A Montgomery County jury was dismissed for the second day of deliberation in the case of a Rockville teen accused of helping plan a shooting at the Rockville Metro station in May.
The jury was sent into deliberation after closing arguments in the case at 4:30 p.m. Friday and was dismissed at 9:30 p.m. without reaching a verdict. The jury met again Monday at 9:30 a.m. and remained in deliberation for another six and a half hours before Judge Mary Beth McCormick again dismissed them at 4 p.m., citing a prior obligation on her part that would not allow her to keep them later.
“Sometimes a good night’s sleep is very helpful in reaching a decision,” McCormick told the jurors, many of whom expressed their displeasure at the dismissal with sighs and groans.
The case involves an attempted first-degree murder charge against 18-year-old Tavares D. Harris, who is accused of providing the gun used in a shooting May 18 at the Rockville Metro station. Kevin Nguyen, Harris’ 17-year-old co-defendant, was identified by police as the shooter in the case, but Harris also is alleged to have helped plan the shooting.
The victim, one of Harris and Nguyen’s classmates, was shot four times and survived his injuries. A female bystander also was struck once and also survived.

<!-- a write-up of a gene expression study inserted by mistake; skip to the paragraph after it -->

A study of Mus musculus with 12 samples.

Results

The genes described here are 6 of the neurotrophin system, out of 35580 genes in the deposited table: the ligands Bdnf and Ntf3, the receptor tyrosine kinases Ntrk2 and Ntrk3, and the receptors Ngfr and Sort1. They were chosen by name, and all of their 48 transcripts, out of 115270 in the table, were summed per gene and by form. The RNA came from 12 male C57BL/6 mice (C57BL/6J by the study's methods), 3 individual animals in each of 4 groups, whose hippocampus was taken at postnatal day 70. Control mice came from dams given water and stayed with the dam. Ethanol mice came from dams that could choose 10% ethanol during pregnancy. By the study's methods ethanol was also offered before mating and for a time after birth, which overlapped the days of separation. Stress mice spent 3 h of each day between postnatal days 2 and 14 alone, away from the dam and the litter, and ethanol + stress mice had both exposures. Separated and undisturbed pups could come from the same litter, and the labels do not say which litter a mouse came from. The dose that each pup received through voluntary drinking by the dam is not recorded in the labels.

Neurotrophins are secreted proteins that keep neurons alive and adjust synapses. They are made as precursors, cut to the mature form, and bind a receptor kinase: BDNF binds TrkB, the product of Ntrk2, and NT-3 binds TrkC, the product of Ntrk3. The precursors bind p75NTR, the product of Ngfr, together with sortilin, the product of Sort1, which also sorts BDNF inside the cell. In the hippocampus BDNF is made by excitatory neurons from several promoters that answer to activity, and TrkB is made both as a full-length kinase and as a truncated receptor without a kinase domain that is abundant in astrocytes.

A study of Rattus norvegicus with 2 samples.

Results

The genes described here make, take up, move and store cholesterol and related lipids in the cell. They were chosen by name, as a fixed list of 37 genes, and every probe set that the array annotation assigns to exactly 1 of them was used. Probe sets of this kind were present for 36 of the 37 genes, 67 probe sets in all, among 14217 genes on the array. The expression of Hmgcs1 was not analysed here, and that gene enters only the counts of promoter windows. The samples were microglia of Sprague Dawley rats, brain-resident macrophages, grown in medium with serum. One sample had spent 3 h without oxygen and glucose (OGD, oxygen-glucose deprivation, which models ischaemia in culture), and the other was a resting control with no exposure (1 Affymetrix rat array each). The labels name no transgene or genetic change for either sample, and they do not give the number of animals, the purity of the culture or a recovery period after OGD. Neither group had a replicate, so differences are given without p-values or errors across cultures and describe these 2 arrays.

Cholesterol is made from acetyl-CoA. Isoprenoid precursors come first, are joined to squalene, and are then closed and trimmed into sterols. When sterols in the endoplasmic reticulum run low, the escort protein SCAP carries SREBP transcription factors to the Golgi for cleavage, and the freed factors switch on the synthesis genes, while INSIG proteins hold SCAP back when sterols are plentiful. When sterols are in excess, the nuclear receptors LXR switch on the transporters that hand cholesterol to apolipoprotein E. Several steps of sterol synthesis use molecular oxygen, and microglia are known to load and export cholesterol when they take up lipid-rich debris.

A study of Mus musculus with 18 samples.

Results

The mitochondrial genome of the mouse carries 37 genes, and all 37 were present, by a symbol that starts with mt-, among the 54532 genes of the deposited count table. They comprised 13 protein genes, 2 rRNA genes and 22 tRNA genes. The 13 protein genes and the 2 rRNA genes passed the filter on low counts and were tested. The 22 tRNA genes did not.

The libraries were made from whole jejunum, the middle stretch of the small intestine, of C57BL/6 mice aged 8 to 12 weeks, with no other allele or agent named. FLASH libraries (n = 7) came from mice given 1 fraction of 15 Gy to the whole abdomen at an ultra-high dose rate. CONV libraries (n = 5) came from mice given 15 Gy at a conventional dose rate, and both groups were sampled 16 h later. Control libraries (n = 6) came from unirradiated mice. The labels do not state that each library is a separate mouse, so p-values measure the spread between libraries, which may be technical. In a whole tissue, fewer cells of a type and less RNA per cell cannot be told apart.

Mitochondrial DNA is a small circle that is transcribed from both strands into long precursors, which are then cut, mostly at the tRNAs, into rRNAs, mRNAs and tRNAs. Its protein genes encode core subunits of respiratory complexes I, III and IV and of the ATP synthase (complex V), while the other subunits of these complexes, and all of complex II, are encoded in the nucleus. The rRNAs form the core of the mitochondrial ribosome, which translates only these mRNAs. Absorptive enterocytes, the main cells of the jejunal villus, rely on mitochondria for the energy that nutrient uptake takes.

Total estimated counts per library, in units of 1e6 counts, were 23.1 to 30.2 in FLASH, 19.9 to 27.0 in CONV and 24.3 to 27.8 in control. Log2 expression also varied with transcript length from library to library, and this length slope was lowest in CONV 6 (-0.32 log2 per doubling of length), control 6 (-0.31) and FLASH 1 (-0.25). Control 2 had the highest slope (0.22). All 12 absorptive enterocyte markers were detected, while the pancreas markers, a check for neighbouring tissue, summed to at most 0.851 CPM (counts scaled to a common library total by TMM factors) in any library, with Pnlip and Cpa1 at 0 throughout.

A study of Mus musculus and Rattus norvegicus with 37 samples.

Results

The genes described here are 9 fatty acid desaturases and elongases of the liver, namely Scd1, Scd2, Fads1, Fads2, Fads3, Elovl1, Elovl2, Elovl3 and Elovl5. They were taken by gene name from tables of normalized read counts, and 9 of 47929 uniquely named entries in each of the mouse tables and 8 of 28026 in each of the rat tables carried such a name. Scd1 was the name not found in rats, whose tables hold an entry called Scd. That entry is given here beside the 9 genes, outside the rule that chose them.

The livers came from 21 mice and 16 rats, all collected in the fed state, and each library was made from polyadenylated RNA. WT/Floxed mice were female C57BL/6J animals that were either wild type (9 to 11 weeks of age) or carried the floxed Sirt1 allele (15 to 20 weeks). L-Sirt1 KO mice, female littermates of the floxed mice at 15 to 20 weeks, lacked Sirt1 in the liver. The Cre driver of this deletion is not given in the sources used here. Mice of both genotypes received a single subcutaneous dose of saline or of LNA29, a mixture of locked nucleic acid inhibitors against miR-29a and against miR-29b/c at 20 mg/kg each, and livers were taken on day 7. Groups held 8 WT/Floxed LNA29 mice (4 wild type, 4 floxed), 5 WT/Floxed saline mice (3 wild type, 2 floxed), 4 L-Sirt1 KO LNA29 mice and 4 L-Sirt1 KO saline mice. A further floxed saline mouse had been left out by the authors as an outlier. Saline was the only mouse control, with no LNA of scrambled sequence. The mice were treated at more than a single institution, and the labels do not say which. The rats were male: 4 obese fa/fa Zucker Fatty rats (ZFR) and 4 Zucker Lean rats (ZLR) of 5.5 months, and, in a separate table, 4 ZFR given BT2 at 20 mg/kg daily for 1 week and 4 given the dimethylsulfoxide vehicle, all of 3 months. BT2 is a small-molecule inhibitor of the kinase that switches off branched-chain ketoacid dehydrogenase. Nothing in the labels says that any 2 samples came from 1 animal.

Harris was charged with two counts each of attempted first- and second-degree murder, first-degree assault and two handgun offenses as well as one count of conspiracy to commit murder.
At the close of testimony, McCormick acquitted Harris of one count each of attempted first-degree murder, attempted second-degree murder, a handgun offense and a first-degree assault charge, all of which stemmed from the second victim, the female bystander.
Defense attorneys David Martella and Barry Helfand argued for those charges to be dropped on the basis of a 1993 case that they believe determined a person cannot be charged for crimes resulting from injuries or offenses done to a bystander if the bystander survives.
Ramon Korionoff, a spokesman for the state’s attorney’s office, said his office disagreed with the judge’s decision to acquit Harris of those charges at the time of the ruling. He cited current Maryland criminal pattern jury instructions upholding the office’s position, but was unable to comment in detail on the ruling because the jury still had not reached a verdict as of Monday.
Both prosecutors and Harris’ defense attorneys agreed to let the jury go and have them return Tuesday morning.
“It’s been a long day, we’d like them to come back fresh tomorrow,” Martella told McCormick.